Many modern moms (and dads) rely on Facebook support groups for information about all things parenting - feeding, behavior, development, potty training, and even car seat safety. With the influx of resources comes an overload of information, including "rules" or "guidelines" that sometimes aren't based in evidence. One such example that has been floating around the interwebs is the idea that baby "should be developing a pincer grasp" to be ready for solids.
This is simply untrue. A baby does not have to have mastered, or be developing, a pincer grasp to be ready for solid foods.
What's more, a baby may develop an "emerging" pincer grasp early, but a true pincer grasp takes an extraordinary amount of fine motor skill on baby's part. It does not fully refine in most cases until 10-12 months. We can't wait until a true pincer grasp is mastered before offering food because we would be waiting too long.
This "pincer grasp" guideline found in circulating memes and graphics is not documented by any major medical group or health organization. To our knowledge, there is no data to connect this skill to baby's readiness for solid foods.
Does a pincer grasp help baby eat small pieces? Absolutely. Is it helpful when baby can do it? Totally! Is it an important developmental skill? Yes! However, baby can still pick up larger pieces of foods, usually the shape of a strip or stick, around 6 months.
Before we go any further, let's officially define a pincer grasp. The pincer grasp is when baby touches just the end of their index finger to just the end of their thumb to form a circle in her fingers. Many of the grasps that babies use as they develop a pincer grasp allow them to pick up smaller foods, but they're not technically a perfect pincer until just the index and thumb touch at the ends. Since this is a sophisticated grasp/skill that takes months for babies to develop, it's something that should not be a pre-requisite to giving food.
We of course want baby to begin to develop her pincer grasp so she can pick up peas, quartered grapes, beans, and rice, but don't be discouraged if your six-month-old (or even your nine-month-old!) hasn't mastered this skill. It is normal. Remember, a true pincer grasp does not emerge in most babies until 10-12 months.
So, how can you best help your baby develop pincer grasp and fine motor skills in general? Like most things developmental, specific skills build on one another in infancy and childhood. We want to promote baby's skills early on and foster fine motor development so that baby is ready for eating all shapes of food, coloring, and eventually writing later in life.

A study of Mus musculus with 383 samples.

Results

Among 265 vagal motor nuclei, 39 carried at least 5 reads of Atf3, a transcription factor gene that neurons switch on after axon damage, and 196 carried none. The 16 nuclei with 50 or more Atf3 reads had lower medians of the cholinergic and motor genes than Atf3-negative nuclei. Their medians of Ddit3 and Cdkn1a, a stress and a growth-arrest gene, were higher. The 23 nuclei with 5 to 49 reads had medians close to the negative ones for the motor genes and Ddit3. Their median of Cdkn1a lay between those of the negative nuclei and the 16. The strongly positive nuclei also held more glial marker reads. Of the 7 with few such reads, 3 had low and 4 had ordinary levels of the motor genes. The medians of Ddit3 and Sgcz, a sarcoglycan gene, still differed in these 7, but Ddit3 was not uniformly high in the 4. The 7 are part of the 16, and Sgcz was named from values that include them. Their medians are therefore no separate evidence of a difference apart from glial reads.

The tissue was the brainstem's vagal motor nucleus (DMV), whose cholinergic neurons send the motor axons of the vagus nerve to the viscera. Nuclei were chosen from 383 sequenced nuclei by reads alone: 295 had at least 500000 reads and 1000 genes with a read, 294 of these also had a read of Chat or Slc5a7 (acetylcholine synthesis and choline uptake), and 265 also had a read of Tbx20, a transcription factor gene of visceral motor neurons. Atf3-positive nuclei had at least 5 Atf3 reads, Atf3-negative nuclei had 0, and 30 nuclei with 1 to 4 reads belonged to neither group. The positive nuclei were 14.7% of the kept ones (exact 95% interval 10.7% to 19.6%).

No matter the age of your baby, you can do simple activities that help her eventually develop pincer grasp and more mature hand movement. Here are some developmental expectations and ways to help your baby with fine motor development, starting at birth. Remember, all babies develop a little differently, so contact your pediatrician if you're concerned about your baby's progress.
We recommend starting complementary foods around 6 months and when baby is showing readiness signs, including independent sitting on the floor. Follow your baby’s development and challenge her to do a more complicated food as she demonstrates readiness signs, including practicing with more refined grasps. Your baby may start out a feeding with great excitement but can get messier and more frustrated as the meal progresses, since she might tire and fatigue easily. As your baby becomes a toddler, it is normal for her to start the meal without much mess, using utensils or pincer grasp, but she might revert to what I call “cave man style” eating - shoveling it in and getting messy - as she fills her belly.
The 7.5-month-old below is practicing his emerging pincer grasp with great attention. Even though he won't refine it for a few months, he's trying to slide his fingers together. Offering some smaller foods with larger pieces helps challenge your baby for the next developmental step.
Below is a video of an 11-month-old working on refining her pincer grasp. Notice how she still uses the middle finger with her index finger and thumb and reverts back to a more whole-hand grasp as well. With practice, she will use her true pincer grasp more and more!
Here's a video of a 12-month-old rockin' her pincer grasp:
Notice how this sweet baby (10 months) is focusing very hard on using his index and forefinger. As babies get older, their grasps get more specific and refined.
This 11-month-old is practicing her pincer as well.
This 14-month-old can use her pincer grasp to pick up a small pea. It takes a lot of practice to handle such small foods!
Baby Lou, one of our BLW online course models (now 14 months), is going in for some beans with his pincer grasp.
Once a baby has a pincer grasp it is recommended to offer baby a wide variety of shapes and sizes of food. Remember, just because a child has a pincer grasp does not mean she will use it for every food. Encourage easier pick up of foods by sprinkling crumbs onto a slippery food item for better grip.
By 12 months, most babies will still prefer larger pieces of foods cut into long finger-shaped sizes instead of small bites sized pieces, but some may like to practice their pincer grasp over and over. Offer all safe sizes of food so that your baby can practice multiple skills. Eventually your baby will learn to load spoons and forks with food too!
Megan and Judy, co-owners of Feeding Littles, bring you helpful info on food, nutrition, picky eating, and feeding young children. Megan McNamee MPH, RDN is a Registered Dietitian Nutritionist based in Scottsdale, Arizona. Judy Delaware, OTR/L is an Occupational Therapist specializing in feeding therapy with children 3 and under in Boulder, Colorado. Megan and Judy are both moms of two and love helping families develop a healthy appetite for all foods!